ZModeler Workflows

ZBrush has always been a great tool for quickly creating geometry in a very intuitive, artist-friendly way. Software required: ZBrush 4R7.
Course info
Level
Intermediate
Updated
Sep 24, 2014
Duration
57m
Table of contents
Description
Course info
Level
Intermediate
Updated
Sep 24, 2014
Duration
57m
Description

ZBrush has always been a great tool for quickly creating geometry in a very intuitive, artist-friendly way. But optimized, low-resolution base meshes were typically created in another application and imported to ZBrush. With the advent of ZModeler, you can now use a box-modeling workflow to create great base geometry. In this course, we'll go over the basics of using ZModeler. We'll learn about actions, targets, and modifiers and how ZModeler works in a context-sensitive way. QMesh is a great option for quickly extruding geometry and dynamically welding points and removing unneeded geometry. You'll learn to use ZModeler in conjunction with Dynamic Subdivision to create smoothed models without using sculpting levels. We'll also cover the addition of edge loops, creating rounded topology, filling holes, and cutting geometry apart. In addition, we'll quickly talk about using NanoMeshes to distribute objects across a surface. We'll finish up by talking about using ZModeler to help with character modeling. Software required: ZBrush 4R7.

About the author
About the author

Justin thrives as a lead modeling author at Pluralsight. Growing up, Justin found a deep interest for the computer graphics industry after watching movies like Jurassic Park, Toy Story and The Abyss. His ambition would lead him to work at Sony Imageworks in Los Angeles on movies like Monster House and Surf's Up. Justin has also had numerous articles, tutorials and images published in 3D World and 3D Artist.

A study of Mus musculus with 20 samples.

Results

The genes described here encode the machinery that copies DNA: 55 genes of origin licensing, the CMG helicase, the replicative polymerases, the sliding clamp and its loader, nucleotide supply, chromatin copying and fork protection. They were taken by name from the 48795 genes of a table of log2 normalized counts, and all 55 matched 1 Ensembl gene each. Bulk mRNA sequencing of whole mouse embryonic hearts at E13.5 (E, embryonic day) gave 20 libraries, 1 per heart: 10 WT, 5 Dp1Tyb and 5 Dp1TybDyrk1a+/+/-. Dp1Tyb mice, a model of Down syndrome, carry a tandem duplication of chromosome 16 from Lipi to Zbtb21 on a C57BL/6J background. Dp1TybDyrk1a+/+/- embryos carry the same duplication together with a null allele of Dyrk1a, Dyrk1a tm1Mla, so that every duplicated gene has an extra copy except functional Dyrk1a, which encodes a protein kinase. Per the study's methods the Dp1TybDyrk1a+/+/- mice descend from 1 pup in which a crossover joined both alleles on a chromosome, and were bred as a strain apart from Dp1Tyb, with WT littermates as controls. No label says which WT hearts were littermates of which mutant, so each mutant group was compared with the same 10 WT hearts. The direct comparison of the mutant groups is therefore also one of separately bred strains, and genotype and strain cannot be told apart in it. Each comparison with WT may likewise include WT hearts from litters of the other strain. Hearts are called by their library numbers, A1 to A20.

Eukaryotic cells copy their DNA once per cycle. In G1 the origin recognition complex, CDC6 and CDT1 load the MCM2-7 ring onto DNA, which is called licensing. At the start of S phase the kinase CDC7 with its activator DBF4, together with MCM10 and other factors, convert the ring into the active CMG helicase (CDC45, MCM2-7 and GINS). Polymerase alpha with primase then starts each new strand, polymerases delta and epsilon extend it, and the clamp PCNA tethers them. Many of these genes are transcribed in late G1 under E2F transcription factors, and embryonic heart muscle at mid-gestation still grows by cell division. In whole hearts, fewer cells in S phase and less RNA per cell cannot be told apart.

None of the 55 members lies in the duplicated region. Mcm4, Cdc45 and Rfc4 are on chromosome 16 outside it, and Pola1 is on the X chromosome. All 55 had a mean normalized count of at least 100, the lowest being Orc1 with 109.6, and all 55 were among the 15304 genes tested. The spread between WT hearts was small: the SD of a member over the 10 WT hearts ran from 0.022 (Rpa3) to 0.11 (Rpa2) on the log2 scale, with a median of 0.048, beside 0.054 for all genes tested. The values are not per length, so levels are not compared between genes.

Section Introduction Transcripts

Introduction and Project Overview
Hello, I'm Justin, and in this series of tutorials, we'll learn to use an exciting new feature of ZBrush, ZModeler. Now ZBrush has always been a great tool for quickly creating geometry in a very intuitive, artist-friendly way, but optimized, low-resolution base meshes were typically created in another application, and then imported into ZBrush. With the advent of ZModeler, you can now use a box-modeling workflow to create great base geometry. In this course, we'll go over the basics of using ZModeler. We'll learn about actions, targets, and modifiers, and how ZModeler works in a context-sensitive way. A cube mesh is a great option for quickly extruding geometry and dynamically welding points and removing unneeded geometry. You'll learn to use ZModeler in conjunction with dynamic subdivision to create smooth models without using sculpting levels. We'll also cover the addition of edge loops, creating rounded topology, filling holes, and cutting geometry apart. In addition, we'll quickly talk about using NanoMeshes to distribute objects across a surface, and we'll finish up by talking about using ZModeler to help with character modeling. In the end, you'll have great idea of some of the features that you can now use to build up a custom, optimized, low to mid-poly base mesh for your projects in ZBrush. So let's go ahead and get started by getting an overview of the ZModeler.